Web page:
6 February 2001 Annals of Internal Medicine Tip Sheet

Annals of Internal Medicine is published by the American College of Physicians-American Society of Internal Medicine (ACP-ASIM), an organization of more than 115,000 internal medicine physicians and medical students. The following highlights are not intended to substitute for articles as sources of information. For an embargoed fax of an article, call 1-800-523-1546, ext. 2656 or 215-351-2656. Full content of the issue is available on the Internet at http://www.annals.org on January 16, 2001.

Young Women at Greater Risk for Death After Heart Attacks than Men

Women younger than 60 had a higher mortality rate after heart attacks than men of the same age, a new study found (Article, p. 173). Women younger than 50 had an almost threefold higher risk for death after a heart attack than men. Researchers looked at medical records of 6,826 people who had been discharged from the hospital following a myocardial infarction. The interaction between sex, age and mortality after heart attack shifted until, among the oldest patients, women tended to have a lower two-year mortality than men of similar age. An editorial says that the study’s findings indicate that practicing physicians should make sure that both high-risk groups -- middle-aged women and men over 80 -- receive all proven effective treatments such as cardiac drugs, antidepressants, smoking cessation counseling and cardiac rehabilitation (Editorial, p. 239).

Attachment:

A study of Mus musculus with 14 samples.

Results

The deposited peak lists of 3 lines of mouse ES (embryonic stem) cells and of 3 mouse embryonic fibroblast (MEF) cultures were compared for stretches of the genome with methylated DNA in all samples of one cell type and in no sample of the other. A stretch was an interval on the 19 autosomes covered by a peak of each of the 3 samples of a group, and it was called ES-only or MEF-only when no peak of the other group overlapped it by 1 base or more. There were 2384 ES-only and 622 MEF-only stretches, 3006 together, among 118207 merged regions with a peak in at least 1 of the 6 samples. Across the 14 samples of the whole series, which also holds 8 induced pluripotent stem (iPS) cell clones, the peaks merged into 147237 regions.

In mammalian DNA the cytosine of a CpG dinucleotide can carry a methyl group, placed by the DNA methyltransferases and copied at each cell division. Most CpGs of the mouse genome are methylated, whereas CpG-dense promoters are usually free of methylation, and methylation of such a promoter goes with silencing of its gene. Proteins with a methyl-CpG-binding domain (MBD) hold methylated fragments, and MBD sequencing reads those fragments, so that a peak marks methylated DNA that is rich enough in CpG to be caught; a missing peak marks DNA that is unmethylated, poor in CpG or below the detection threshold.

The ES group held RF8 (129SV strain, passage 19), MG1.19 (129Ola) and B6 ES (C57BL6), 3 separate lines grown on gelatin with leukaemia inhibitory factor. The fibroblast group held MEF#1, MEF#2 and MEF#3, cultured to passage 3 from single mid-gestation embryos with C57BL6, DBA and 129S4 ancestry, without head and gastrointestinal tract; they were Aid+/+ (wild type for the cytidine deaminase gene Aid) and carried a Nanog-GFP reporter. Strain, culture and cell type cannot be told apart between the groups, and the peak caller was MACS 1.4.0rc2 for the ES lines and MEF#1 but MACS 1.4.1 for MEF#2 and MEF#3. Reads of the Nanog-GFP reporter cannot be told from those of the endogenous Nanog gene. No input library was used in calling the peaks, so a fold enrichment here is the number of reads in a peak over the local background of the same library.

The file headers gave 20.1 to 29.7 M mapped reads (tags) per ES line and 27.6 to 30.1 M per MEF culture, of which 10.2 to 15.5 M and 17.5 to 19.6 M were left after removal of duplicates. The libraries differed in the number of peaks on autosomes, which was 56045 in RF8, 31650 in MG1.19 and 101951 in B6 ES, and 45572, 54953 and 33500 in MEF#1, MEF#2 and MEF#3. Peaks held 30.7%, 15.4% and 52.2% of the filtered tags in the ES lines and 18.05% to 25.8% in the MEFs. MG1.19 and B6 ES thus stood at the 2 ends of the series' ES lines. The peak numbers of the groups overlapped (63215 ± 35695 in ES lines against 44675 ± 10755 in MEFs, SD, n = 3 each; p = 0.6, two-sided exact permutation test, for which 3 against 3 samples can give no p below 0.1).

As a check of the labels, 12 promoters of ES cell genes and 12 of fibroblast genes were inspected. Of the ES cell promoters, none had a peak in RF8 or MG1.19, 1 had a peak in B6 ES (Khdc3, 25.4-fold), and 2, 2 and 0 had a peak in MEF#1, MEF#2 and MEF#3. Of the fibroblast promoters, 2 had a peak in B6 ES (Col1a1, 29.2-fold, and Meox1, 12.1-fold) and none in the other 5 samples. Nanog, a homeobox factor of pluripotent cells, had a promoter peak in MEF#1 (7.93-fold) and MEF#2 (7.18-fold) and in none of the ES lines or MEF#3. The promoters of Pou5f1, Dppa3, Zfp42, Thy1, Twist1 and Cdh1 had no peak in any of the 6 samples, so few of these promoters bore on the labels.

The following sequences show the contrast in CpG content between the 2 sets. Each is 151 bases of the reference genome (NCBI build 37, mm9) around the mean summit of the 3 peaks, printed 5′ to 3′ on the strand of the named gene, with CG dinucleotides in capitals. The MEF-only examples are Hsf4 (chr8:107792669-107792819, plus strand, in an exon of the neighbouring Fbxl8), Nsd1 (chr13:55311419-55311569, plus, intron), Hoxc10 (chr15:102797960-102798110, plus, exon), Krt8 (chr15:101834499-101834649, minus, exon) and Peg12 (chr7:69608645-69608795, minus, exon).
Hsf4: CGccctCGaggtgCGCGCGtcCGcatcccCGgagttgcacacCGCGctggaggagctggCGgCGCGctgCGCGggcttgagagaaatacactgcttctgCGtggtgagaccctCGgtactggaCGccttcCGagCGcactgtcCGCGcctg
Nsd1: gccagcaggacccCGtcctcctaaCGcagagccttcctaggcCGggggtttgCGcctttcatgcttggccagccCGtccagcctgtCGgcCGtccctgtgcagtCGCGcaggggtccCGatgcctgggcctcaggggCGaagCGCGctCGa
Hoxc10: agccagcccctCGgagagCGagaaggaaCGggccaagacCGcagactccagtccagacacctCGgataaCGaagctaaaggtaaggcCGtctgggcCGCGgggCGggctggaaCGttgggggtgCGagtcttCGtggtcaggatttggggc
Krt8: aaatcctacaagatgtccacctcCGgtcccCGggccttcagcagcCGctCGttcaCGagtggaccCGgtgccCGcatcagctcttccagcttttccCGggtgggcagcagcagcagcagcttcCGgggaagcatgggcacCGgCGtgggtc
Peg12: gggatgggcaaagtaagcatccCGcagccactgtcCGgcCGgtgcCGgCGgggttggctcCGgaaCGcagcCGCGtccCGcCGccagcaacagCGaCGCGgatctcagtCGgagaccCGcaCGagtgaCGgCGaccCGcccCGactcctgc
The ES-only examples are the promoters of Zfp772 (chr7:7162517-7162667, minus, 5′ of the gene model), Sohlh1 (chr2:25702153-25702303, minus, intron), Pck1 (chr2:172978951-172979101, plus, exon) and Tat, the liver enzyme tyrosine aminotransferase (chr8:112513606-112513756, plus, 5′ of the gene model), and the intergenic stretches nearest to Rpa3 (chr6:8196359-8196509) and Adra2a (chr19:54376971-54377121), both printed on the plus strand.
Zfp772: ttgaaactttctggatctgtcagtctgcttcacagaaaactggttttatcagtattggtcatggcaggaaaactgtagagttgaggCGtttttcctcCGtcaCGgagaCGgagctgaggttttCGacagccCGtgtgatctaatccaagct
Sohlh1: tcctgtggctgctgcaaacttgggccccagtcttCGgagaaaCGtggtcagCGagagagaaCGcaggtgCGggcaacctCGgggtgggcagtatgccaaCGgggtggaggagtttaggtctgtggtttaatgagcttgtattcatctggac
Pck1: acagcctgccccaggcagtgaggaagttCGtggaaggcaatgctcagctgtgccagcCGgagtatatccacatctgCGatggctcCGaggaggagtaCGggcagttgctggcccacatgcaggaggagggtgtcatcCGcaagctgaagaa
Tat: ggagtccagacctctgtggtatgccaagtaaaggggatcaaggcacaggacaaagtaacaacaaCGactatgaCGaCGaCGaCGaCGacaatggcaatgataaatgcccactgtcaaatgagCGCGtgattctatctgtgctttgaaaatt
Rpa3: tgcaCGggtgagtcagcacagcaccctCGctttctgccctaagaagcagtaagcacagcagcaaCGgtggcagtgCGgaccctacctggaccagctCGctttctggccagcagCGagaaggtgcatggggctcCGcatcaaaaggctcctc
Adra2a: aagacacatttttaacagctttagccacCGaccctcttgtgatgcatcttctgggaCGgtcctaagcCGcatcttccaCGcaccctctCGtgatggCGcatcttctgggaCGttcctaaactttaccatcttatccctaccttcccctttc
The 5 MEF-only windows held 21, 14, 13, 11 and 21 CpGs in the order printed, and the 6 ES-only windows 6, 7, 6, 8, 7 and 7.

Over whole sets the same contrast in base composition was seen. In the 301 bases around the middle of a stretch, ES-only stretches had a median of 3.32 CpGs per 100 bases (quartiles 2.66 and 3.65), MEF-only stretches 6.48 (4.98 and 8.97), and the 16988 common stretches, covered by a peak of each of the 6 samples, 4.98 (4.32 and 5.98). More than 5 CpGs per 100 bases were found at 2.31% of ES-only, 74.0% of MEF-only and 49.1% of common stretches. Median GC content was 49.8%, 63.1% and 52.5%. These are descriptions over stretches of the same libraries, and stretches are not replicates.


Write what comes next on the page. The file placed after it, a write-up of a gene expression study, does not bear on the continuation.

Inhaled Insulin Shows Some Promise for Treating Type 2 Diabetes

A three-month study of 26 adults with type 2 (adult-onset) diabetes found that inhaled insulin treatment improved blood sugar control without serious side effects (Brief Communication, p. 203). Currently, the most common method of administering insulin is by injection, and the most effective schedule for achieving normal blood sugar levels involves frequent injections. The frequent or intensive injection schedule has not gained widespread acceptance because, in addition to causing physical discomfort, it requires substantial time, effort, commitment and communication for both the patient and physician. Inhaling insulin could be a welcome alternative. An accompanying editorial says that this very preliminary study had no control group to determine if the inhaled therapy was as good as conventional injected therapy; used relatively large dosages of inhaled insulin since the lung does not absorb insulin efficiently; achieved only "modest" blood sugar control and did not address long-term safety issues (Editorial, p. 242).